Today brings us ice. Glacial ice from Sawyer Glacier to be exact.
We depart at 0700 to head up Tracy Arm, passing the bergy bits that we explored by dinghy yesterday. As we move further up, we can see that everything in the landscape that surrounds us has been shaped or colored by the glacier; the ice that we pass is a deep, deep blue. The result of compression over millennia under the weight of as much as 3,000 feet of glacier. Its own weight and pressure recrystallizing the ice into a density that absorbs all color except for the wavelengths on the blue end of the spectrum. The result is the deep pale blue of glacial ice. The fleet begins to nestle up inside Deceptions wake.
The depth sounder aboard deception reads out depths of 500 feet… 600 feet….deeper. The vertical embankment of granite that we travel along just 100 feet off our starboard, extends upwards of 3,000 feet. The U-shaped fjord that we are travelling has been carved and channeled out by ice over many thousands of years. The slow grinding, scraping action of the glacier can be seen in the striations on the granite walls, like sand paper across the grain of wood but on a geologic scale; rock against rock pressed forward embedded in glacial ice carving deep grooves in the granite at a pace measured in feet per year.
The dramatic heights and melting snows present us with an abundance of waterfalls that challenge you to find sufficient superlatives: the tallest, skinniest, longest, most beautiful, most impressive, most unusual, and most unique.
The number and size of the bergy bits build as we move further up the arm. Now we are passing full icebergs. We slow our speed and snake our way through, finding a path that allows us to avoid the seals hauled out on ice. Harbor seals come to pup on the ice to better protect their young from the feeding Orcas that are found in these waters. They are skittish, and so we proceed carefully and quietly to the gaping blue mouth of South Sawyer glacier.
We sit quietly, engines disengaged to listen for the glacier as it breaks up – thunderous cracks that indicate calving. Mackenzie aboard Ajax gets on the radio to ask our naturalist what temperature the water is. “Want to dip your toes in and tell us?”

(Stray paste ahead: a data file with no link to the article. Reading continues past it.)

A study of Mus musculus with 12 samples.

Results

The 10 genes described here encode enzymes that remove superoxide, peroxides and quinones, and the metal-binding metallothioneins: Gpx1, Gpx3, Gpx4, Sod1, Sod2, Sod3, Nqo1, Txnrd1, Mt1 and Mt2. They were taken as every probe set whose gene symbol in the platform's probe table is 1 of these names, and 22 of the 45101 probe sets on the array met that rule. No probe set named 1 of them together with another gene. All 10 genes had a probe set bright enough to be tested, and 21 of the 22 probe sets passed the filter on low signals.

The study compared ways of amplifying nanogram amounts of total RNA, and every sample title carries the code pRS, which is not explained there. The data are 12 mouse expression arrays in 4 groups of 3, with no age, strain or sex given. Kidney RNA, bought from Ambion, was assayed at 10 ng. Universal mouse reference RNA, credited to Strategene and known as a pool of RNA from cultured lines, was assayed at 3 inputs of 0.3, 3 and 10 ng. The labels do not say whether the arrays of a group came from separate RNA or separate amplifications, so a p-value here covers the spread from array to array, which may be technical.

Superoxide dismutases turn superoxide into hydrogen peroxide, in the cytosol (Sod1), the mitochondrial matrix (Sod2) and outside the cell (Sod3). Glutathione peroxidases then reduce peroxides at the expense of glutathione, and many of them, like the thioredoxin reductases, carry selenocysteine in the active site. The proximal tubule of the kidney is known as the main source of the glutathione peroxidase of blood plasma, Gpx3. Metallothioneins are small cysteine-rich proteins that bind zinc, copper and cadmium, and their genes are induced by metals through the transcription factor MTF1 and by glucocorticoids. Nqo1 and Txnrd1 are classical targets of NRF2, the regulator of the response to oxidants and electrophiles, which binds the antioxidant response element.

But, Mackenzie is a few steps ahead. She’s in her bathing suit on the swim step already and pulling on a life jacket. Here she goes for the polar bear plunge of a life time! Trendsetter… Her brother is on the swim step next, and then Eric aboard Eldean, too!
After everyone that wants to have had a chance at getting wet we decide to head over to explore North Sawyer Glacier. Our timing is impeccable. A few moments after idling our engines a half mile from the glacier, a booming crack and the release of an avalanche of ice followed by the roar of ice breaking from the face. A moment later comes a second clap of collapsing ice and we are rapidly turning our bows into the oncoming tidal wave and moving in away from the walls of the fjord. Two good sized waves ride under our bow.
We let the water calm and then head back into the main arm of the fjord.
It’s been a stunning beautiful blue skies day. And although it’s chilly outside given the convection cooling from the surrounding glaciers, Brian can’t resist the opportunity to initiate our swabs on board.
Heading back towards the mouth of the arm, we encounter a waterfall nicely tucked away and splashing over the rock in just such a way that if you position a swab on the bowsprit, you could dunk him under.
“Swab, you have orders. Get on that bowsprit with a smile on your face, and I don’t want you to stop smiling until this is over!” Brandon has won all of our hearts with his smile, and remarkably responsive nature and both are on display. Andrew comes up from below, and is presented the same orders, but he’s not going for it…
After Brandon’s initiation, we provide the other boats an opportunity for a little bow rinse. Aboard Ajax Jackson is on the bowsprit with his bathing suit. Marybeth aboard Aquila doesn’t have a bathing suit, so fully clothed, takes an umbrella.
Antics. What’s a better day than watching glaciers calve, and playing under waterfalls with your boat?